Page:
Researching ways to extend utility pole service life
Wood poles have been used to support electric transmission and telecommunication lines since the late 1800's. These poles have provided long reliable service under a variety of environmental conditions. Originally, utilities used naturally durable wood species such as American chestnut and cedar. The loss of chestnut to disease and the limited supply of cedar wood forced many utilities to substitute less durable species such as pine or Douglas-fir. These species required supplemental preservative application to provide long-term service life and encouraged the development of a wood-treatment industry, specifications for proper preservative use, and later, inspection programs to ensure poles retained adequate strength to support their design loads.
For many years, detection and control of decay in utility poles posed a major challenge for utilities, but the development of fumigants in the late 1960's opened many new avenues to prolong the useful life of wood. Oregon State University (OSU) had long been active in utility pole issues, but the development of fumigants led to a increasing emphasis on improving the performance of wood poles and finally, in 1980 to the establishment of Utility Pole Research Cooperative (Co-op). Originally established to develop new fumigants and assess the effects of air seasoning on pole properties, the Co-op has changed its focus over the past 37 years to address a variety of wood-related issues that improve the performance of wood, making utilities more competitive.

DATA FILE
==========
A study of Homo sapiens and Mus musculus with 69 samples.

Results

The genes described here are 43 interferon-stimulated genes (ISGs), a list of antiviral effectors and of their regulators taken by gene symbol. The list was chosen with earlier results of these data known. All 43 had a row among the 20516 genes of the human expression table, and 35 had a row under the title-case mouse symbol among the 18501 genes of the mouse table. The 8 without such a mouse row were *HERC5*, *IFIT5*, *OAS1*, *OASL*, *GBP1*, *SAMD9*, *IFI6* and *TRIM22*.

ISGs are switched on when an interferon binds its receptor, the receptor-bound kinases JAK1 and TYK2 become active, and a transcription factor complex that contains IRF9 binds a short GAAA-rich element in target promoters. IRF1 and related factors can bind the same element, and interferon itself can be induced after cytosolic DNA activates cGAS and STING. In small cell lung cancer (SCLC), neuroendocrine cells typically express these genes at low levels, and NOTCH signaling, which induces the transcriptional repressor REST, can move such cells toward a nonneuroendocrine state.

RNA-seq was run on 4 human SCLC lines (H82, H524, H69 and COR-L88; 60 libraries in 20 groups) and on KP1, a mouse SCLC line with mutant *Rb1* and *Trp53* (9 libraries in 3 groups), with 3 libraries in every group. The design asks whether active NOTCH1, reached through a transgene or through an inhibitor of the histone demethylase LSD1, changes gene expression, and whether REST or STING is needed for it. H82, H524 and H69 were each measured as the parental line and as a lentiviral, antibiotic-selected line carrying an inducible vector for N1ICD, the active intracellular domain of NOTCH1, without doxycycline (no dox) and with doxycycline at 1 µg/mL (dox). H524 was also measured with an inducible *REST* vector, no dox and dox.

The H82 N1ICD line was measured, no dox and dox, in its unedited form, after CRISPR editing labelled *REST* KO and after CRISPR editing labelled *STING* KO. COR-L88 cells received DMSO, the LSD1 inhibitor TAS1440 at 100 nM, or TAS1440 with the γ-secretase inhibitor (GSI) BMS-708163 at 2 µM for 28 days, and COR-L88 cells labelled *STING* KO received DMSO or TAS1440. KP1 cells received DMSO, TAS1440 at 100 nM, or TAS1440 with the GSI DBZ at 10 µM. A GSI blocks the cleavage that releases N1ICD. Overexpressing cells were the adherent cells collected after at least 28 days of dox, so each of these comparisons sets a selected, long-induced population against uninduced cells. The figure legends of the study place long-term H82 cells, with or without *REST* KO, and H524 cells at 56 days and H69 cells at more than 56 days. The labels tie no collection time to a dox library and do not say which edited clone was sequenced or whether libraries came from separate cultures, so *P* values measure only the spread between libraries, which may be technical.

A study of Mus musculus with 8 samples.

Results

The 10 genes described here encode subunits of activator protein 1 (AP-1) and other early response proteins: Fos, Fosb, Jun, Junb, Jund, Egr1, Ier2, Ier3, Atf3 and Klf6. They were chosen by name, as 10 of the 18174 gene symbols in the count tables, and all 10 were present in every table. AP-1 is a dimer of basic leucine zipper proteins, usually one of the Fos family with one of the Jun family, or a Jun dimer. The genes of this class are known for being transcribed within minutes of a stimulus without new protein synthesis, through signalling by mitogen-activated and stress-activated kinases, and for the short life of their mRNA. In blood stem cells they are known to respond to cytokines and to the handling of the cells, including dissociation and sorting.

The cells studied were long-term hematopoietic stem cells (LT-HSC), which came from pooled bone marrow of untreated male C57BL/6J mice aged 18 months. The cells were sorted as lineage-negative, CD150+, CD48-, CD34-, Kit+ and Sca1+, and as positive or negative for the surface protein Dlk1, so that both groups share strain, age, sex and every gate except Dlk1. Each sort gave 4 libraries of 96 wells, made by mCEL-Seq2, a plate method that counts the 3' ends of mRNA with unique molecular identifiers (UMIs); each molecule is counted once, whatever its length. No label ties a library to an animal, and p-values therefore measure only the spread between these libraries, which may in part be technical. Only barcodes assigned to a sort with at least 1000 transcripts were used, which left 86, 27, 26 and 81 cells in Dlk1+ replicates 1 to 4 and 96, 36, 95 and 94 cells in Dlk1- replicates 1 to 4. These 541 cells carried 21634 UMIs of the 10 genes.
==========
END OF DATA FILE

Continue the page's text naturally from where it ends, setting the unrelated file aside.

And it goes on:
Current Co-op work is divided into a series of overall objectives that include:
- Identifying and evaluating methods for controlling internal decay in poles
- Identifying methods for field treatment of surface damage to treated wood
- Developing improved specifications for wood poles
- Evaluating the effectiveness of external groundline treatments
- Developing information on performance of new preservatives for wood poles
Each year, OSU prepares an annual report detailing the activities and research progress of the Co-op, presents these data to the advisory committee at an annual meeting, and receives feedback on the research direction. The goal is to allow members to have maximum project input.
Co-op research is divided into a number of objectives, which have changed throughout the years as they have been completed or new problems arise. The current objectives for the 2017-2021 five-year cycle are:
Develop improved treatments for internal decay in utility poles
Develop methods for preventing decay in field drilled bolt holes
Evaluate external barriers, preservative pastes and bandages
Improve specifications of wood poles
Evaluate capability of non-destructive pole inspection devices
Performance of topical fire retardants under field conditions
Assess potential for preservative migration from poles in storage and in service
Identify methods for effectively recycling post-service utility poles and crossarms
Develop readily accessible information on various aspects of wood pole management
Develop information on above ground issues in aging utility structures and identify solutions
Assess the benefits of maintenance decisions over multiple inspection cycles
Assess the effects of solvent additives on preservative performance
UPRC research led to the development of pole fumigants and we continue to test new and existing formulations. Recent work has led to specifications for throughboring poles and we continue to conduct novel studies to enhance wood durability.
The most recent two Co-op Annual Reports are restricted to members only, but previous reports as well as journal publications are available for download or ordering.